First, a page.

The errors concerned £135.8m of transaction reports over almost a decade, between November 2007 and May 2017.
The FCA said the firm, which has a large UK-based wealth management arm, had reported transactions inaccurately.
Mark Steward, FCA executive director of enforcement and market oversight said: “Firms must have proper systems and controls to identify what transactions they have carried out, on what markets, at what price, in what quantity and with whom. If firms cannot report their transactions accurately, fundamental risks arise, including the risk that market abuse may be hidden.”
The regulator said effective market oversight relied on “the complete, accurate and timely reporting of transactions.”
This information helps the FCA to effectively supervise firms and markets.
In particular, transaction reports help the FCA identify potential instances of market abuse and combat financial crime.
The watchdog said UBS “failed to ensure it provided complete and accurate information in relation to approximately £86.67m reportable transactions.”
It also erroneously reported £49.1m transactions to the FCA, which were not, in fact, reportable.
Altogether, over a period of nine and a half years, UBS made £135.8m errors in its transaction reporting, breaching the regulator’s rules.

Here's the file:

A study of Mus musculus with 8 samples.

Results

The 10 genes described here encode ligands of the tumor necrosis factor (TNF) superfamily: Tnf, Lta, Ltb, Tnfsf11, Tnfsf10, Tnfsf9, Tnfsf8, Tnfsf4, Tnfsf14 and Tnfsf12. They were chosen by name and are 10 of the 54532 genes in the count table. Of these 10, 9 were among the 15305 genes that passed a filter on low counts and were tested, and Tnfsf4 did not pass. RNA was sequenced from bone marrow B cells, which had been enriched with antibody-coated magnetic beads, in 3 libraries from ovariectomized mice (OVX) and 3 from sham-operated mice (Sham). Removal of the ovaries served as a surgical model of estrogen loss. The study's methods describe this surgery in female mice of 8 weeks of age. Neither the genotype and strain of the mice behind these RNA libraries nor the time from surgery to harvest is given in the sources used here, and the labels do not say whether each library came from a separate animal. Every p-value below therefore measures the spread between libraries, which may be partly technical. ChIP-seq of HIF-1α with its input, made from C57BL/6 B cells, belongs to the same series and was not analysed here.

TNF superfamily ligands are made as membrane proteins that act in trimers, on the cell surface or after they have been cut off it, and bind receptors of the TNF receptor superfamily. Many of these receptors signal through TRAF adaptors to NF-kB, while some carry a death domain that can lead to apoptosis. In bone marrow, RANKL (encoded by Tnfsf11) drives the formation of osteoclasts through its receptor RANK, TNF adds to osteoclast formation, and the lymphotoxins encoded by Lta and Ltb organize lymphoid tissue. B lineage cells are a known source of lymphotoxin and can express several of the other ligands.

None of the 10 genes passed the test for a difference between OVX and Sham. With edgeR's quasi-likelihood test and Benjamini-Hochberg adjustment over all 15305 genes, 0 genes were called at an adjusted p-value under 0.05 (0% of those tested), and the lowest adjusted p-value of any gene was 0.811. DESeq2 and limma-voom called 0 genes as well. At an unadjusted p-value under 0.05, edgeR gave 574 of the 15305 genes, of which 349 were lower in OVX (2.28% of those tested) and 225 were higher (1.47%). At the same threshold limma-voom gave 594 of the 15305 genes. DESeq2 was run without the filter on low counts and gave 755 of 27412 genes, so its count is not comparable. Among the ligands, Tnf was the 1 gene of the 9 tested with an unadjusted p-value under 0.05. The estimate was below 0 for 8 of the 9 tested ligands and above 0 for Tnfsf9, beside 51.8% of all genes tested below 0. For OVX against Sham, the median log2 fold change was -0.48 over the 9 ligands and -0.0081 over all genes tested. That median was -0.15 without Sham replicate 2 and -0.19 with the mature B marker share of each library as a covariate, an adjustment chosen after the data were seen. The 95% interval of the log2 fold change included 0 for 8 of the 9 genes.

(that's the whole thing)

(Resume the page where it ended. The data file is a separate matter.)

The FCA also found that UBS had “failed to take reasonable care to organise and control its affairs responsibly and effectively in respect of its transaction reporting.”
The failings related to aspects of UBS’s change management processes, its maintenance of the reference data used in its reporting and how it tested whether all the transactions it reported to the FCA were accurate and complete.
UBS agreed to resolve the case and so qualified for a 30% discount in the overall penalty.
Without the discount, the FCA says it would have imposed a financial penalty of £39,427,795.
The FCA’s rules on transaction reporting were based on the EU Markets in Financial Instruments Directive (2004/39/EC) (MiFID) from 5 November 2007 until 2 January 2018.
MiFID II took effect from 3 January 2018 and extended transaction reporting requirements to include additional instruments.
MiFID II was comprehensively revised to improve the functioning of financial markets in light of the financial crisis and to strengthen investor protection.